On the morning of 25 July 2018, the Court of Justice of the European Union (the CJEU) handed down judgment in Case C-121/17 Teva UK and Others v Gilead concerning the validity of Supplementary Protection Certificate (SPC) protection for Gilead’s combination HIV treatment TRUVADA (tenofovir disoproxil and emtricitabine). The CJEU held that an SPC can only be granted for a product if, in the basic patent on which the SPC is sought, that product “is either expressly mentioned in the claims of that patent or those claims relate to that product necessarily and specifically.” It is for the English High Court, as the referring court, to determine whether that test is met by Gilead’s patent in this case; however, the CJEU stated (on the basis of the information provided by the referring court) that it does not seem possible that the combination of tenofovir disoproxil and emtricitabine necessarily falls under the invention covered by Gilead’s patent.

Gilead’s Truvada is a combination of the active ingredients tenofovir disoproxil and emtricitabine. In 2008, Gilead obtained an SPC to extend patent protection for Truvada, on the basis of its patent EP (UK) 0 915 894 (the Basic Patent). The claims of the Basic Patent only expressly mention tenofovir disoproxil, and not emtricitabine; the relevant claim of the Basic Patent is to “A pharmaceutical composition comprising a compound according to any one of claims 1-25 [i.e. tenofovir disoproxil] together with a pharmaceutically acceptable carrier and optionally other therapeutic ingredients.” Pursuant to Article 3(a) of Regulation (EC) No 469/2009 (the SPC Regulation), an SPC may only be granted if the relevant product is “protected by a basic patent in force.” The question before the CJEU, referred by the English High Court following a validity challenge to Gilead’s SPC by Teva and others, was whether the Truvada combination is “protected” by the relevant claim of Gilead’s Basic Patent, which only expressly mentions tenofovir disoproxil.

Gilead argued that it is both necessary and sufficient for an SPC to be granted that Truvada falls within the extent of the protection conferred by the Basic Patent, and that the expression “other therapeutic ingredients” in the claim relates implicitly but necessarily to emtricitabine. Teva and the other challengers argued that, in accordance with previous CJEU case law, both active ingredients in the Truvada combination must be “specified in the wording of the claims” in order for the Basic Patent to “protect” that combination, and the expression “other therapeutic ingredients” in the relevant claim of the Basic Patent does not specify emtricitabine, whether structurally or functionally. The English High Court held in Teva UK Ltd & Ors v Gilead Sciences Inc [2017] EWHC 13 (Pat) that, despite multiple references to the CJEU having already been made on this point, the test to be applied to determine whether a product is “protected” by a basic patent remains unclear. In his judgment, Arnold J reviewed the previous case law of the CJEU on the interpretation of Article 3(a) of the SPC Regulation, and noted that “If confirmation that a reference is necessary, it can be found in the divergent decisions that have been reached around Europe as to the availability of an SPC on the facts of the present case and in the differing interpretations of Article 3(a) that have been adopted in the case law of the national courts“.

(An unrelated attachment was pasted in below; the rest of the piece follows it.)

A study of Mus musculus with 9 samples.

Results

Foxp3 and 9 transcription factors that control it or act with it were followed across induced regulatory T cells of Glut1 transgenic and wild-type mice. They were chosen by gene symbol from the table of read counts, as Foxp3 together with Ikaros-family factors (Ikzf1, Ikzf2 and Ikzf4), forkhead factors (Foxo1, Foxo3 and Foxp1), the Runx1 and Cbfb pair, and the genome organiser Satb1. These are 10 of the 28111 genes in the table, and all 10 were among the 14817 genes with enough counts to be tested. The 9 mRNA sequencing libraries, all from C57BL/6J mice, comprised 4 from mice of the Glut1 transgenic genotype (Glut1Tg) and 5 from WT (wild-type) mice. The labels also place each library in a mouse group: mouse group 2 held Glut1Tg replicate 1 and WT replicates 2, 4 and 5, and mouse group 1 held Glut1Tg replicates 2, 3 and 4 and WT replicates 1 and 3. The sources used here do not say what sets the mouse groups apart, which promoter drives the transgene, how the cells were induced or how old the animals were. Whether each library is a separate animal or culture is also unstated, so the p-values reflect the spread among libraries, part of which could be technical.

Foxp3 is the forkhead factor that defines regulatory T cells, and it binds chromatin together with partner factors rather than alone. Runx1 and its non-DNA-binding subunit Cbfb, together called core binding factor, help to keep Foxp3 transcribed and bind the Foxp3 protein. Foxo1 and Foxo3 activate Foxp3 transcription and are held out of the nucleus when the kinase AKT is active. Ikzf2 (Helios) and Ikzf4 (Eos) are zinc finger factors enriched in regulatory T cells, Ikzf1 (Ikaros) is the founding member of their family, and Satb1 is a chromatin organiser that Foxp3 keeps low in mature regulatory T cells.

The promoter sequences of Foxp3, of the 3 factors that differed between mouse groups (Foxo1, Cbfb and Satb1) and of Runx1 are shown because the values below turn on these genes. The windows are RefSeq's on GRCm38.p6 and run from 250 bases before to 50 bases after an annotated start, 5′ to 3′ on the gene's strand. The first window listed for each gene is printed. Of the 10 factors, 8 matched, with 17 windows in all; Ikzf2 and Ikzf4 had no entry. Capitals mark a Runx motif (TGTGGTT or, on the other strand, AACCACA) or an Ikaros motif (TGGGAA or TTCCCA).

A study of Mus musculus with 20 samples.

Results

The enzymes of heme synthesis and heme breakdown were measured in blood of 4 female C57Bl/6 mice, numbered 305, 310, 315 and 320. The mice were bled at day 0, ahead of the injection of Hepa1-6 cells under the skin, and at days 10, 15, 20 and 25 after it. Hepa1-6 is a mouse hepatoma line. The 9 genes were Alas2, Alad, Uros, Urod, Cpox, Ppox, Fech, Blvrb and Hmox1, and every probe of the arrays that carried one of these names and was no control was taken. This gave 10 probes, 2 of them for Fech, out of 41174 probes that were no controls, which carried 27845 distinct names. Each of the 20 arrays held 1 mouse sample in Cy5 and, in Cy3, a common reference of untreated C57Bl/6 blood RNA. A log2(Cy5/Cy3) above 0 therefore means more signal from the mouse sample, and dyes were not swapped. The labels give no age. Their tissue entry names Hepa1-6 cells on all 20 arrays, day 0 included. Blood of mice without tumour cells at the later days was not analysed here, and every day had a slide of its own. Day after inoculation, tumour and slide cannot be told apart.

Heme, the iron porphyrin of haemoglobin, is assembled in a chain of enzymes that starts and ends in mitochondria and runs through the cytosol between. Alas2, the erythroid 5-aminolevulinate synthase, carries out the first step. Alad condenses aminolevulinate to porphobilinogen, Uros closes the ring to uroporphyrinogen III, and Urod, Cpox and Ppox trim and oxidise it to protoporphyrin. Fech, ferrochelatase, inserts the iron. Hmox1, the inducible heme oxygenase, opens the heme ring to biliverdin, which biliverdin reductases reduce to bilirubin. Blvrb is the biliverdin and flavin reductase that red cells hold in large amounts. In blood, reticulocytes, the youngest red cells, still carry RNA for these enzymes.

The interpretation of Article 3(a) has been the subject of multiple references to the CJEU and countless articles, presentations and opinion pieces, and the reference attracted observations from the Commission and the UK, Greek, Latvian and Dutch Governments. However, today’s judgment is relatively brief. The CJEU held that a combination product will only be “protected by a basic patent in force” for the purposes of Article 3(a) of the SPC Regulation if the product is either expressly mentioned in the claims of that patent or “those claims relate necessarily and specifically to that combination.” Where the combination is not expressly mentioned in the claim, in order for that product to be “protected” by the basic patent:

“from the point of view of a person skilled in the art and on the basis of the prior art at the filing date or priority date of the basic patent:

  • the combination of those active ingredients must necessarily, in the light of the description and drawings of that patent, fall under the invention covered by that patent, and
  • each of those active ingredients must be specifically identifiable, in the light of all the information disclosed by that patent.”

Applying that general principle to the facts of this case, the CJEU held:

In the present case it is apparent, first, from the information in the order for reference that the description of the basic patent at issue contains no information as to the possibility that the invention covered by that patent could relate specifically to a combined effect of TD [tenofovir disoproxil] and emtricitabine for the purposes of the treatment of HIV. Consequently, it does not seem possible that a person skilled in the art, on the basis of the prior art at the filing date or priority date of that patent, would be able to understand how emtricitabine, in combination with TD, necessarily falls under the invention covered by that patent. The onus is nevertheless on the referring court to check whether such is indeed the case. Secondly, it is also for that court to establish whether emtricitabine is specifically identifiable by that person skilled in the art in the light of all the information contained in that patent, on the basis of the prior art at the filing date or priority date of the patent in question.

The case will now return to the English High Court for a final determination.